By Pascal Mwandambo
When you watch Duncan Mwanyumba play his saxophone, you get the impression that he has done this all his life. The mastery is good and the voice accompanying the instrument soothing. He plays various tunes ranging from rumba and benga to blues, gospel and taarab. His round-rimmed glasses and bushy moustache give him the demeanour of a Country music singer.
He is at peace with himself and therefore reaches out to his listeners to soothe their souls. He soothes his soul too after a painstaking day in the corridors of the courts, for Mwanyumba, 56, is a lawyer.
“I am an enthusiast of cultural issues and music, especially soft music. When I play my saxophone, I feel elevated above the clouds, all my stress dissolves into a sea of joy and tranquility,” Mwanyumba told The Standard in an interview.
With a wry smile on his face Mwanyumba says there are two addictions that he has always stirred clear of, namely football and alcohol.
“Well, once in a while I enjoy watching football from a distance but I am neither a fan nor a fanatic of soccer. There are other pleasures of life to pursue,” says Mwanyumba, suddenly grabbing his saxophone and belting out a popular Daudi Kabaka tune.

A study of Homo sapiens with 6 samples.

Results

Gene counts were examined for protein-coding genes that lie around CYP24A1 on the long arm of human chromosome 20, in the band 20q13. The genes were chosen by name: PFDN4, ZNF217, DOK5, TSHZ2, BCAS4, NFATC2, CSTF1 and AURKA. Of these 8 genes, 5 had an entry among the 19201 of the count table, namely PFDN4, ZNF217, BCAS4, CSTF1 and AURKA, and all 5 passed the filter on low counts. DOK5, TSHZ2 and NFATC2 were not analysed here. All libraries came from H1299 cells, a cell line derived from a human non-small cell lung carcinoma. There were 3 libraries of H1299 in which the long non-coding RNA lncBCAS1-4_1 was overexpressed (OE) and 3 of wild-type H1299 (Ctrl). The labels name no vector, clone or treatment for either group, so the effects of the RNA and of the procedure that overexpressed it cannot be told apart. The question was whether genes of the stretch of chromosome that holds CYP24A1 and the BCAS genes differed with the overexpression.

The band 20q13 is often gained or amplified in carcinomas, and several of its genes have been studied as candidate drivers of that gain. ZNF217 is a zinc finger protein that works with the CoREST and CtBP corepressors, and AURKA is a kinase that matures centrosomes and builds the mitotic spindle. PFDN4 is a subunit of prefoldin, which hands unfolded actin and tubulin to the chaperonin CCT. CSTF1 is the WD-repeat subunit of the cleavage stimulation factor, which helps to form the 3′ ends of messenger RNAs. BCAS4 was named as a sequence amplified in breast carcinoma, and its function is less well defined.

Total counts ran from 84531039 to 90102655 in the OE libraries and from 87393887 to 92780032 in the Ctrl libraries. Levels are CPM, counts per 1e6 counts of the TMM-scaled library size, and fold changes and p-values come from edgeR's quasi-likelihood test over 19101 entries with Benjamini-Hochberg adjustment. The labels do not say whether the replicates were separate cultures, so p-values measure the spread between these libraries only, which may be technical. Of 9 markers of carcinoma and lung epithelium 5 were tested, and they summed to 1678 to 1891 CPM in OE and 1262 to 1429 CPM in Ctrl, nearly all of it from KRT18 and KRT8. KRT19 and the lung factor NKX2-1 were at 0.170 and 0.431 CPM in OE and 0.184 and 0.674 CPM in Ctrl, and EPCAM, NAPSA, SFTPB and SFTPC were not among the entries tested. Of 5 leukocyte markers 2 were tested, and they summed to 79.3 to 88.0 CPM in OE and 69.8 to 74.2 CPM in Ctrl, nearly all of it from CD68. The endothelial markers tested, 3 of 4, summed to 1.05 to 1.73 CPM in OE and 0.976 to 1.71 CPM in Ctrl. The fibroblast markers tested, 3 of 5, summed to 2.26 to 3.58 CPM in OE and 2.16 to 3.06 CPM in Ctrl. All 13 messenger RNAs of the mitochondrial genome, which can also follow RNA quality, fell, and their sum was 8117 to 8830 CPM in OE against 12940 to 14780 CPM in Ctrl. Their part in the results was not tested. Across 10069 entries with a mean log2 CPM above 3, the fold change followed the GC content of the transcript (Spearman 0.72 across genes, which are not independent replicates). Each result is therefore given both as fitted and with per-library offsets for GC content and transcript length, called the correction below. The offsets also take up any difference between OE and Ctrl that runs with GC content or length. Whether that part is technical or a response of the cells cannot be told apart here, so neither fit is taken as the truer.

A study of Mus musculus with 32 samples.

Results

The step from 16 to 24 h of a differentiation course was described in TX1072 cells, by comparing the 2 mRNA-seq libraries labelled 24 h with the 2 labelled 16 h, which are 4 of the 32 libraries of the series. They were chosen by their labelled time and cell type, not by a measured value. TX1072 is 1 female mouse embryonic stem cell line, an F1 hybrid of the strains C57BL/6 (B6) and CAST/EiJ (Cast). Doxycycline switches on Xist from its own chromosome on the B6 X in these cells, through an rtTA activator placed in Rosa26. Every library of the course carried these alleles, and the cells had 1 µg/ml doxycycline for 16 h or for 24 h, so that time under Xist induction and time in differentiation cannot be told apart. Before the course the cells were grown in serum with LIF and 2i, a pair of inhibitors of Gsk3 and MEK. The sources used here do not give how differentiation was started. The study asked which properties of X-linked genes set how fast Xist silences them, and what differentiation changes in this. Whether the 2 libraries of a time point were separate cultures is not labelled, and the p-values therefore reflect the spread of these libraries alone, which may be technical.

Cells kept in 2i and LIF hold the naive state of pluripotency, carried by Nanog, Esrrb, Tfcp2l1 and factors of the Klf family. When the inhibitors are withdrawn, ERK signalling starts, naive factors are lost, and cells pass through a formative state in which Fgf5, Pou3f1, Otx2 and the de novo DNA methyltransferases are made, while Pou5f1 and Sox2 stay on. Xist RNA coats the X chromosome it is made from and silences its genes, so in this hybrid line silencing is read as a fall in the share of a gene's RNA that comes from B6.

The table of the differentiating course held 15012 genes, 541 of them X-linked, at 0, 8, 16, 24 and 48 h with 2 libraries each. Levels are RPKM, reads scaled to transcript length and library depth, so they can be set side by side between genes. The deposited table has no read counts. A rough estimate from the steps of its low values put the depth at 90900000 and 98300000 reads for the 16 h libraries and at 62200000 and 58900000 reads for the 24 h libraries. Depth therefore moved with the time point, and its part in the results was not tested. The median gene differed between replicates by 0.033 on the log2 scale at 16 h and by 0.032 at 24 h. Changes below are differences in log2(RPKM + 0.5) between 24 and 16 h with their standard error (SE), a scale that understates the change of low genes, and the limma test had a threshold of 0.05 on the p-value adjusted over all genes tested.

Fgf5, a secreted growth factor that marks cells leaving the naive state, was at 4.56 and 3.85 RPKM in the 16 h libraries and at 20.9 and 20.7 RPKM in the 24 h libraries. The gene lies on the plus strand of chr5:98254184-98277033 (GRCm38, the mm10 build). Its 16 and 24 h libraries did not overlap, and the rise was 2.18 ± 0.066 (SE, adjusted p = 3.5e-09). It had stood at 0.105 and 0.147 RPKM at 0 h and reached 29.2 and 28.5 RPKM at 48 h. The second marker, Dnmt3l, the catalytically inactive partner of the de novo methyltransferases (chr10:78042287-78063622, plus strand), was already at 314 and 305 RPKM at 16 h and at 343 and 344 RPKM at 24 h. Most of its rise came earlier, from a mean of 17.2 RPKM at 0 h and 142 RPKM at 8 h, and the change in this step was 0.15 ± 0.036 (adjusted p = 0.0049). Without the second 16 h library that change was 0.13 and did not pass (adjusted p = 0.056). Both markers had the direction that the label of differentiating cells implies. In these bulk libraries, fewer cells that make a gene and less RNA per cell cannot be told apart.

A socialite, Mwanyumba plays his saxophone in church, at funerals and weddings in every event that he has been invited to in Taita-Taveta County.
He says he bought the secondhand saxophone in Arusha, Tanzania, in 2003 at Sh32,000 when he was working as Defence Attorney for the International Tribunal for Rwanda. He worked for the Tribunal for five years.
“I have always enjoyed seeing musicians playing the saxophone locally known as mdomo wa bata. While in Tanzania I met a sax player called Sylvester Budodi who taught me how to play the instrument. I learnt every trick and finally I could play various tunes. I was elated,” says Mwanyumba.
He says his love for music made him come up with the idea of the East African Orchestra. He mooted the idea while in Nairobi and brought to fruition while in Tanzania. He performed with the Orchestra while still serving under the Tribunal.
As a student at Alliance Boys, he often performed at the National Music Festival at the Kenyatta Conference Centre but the one performance he has never forgotten was in 1977.
“I competed with the late Darius Mbela who was then a Permanent Secretary. He was competing in the tenor open category and his tune was There is a boat leaving for New York.
“Of course, Mbela beat me but I was so excited to take on such a powerful figure during those days.”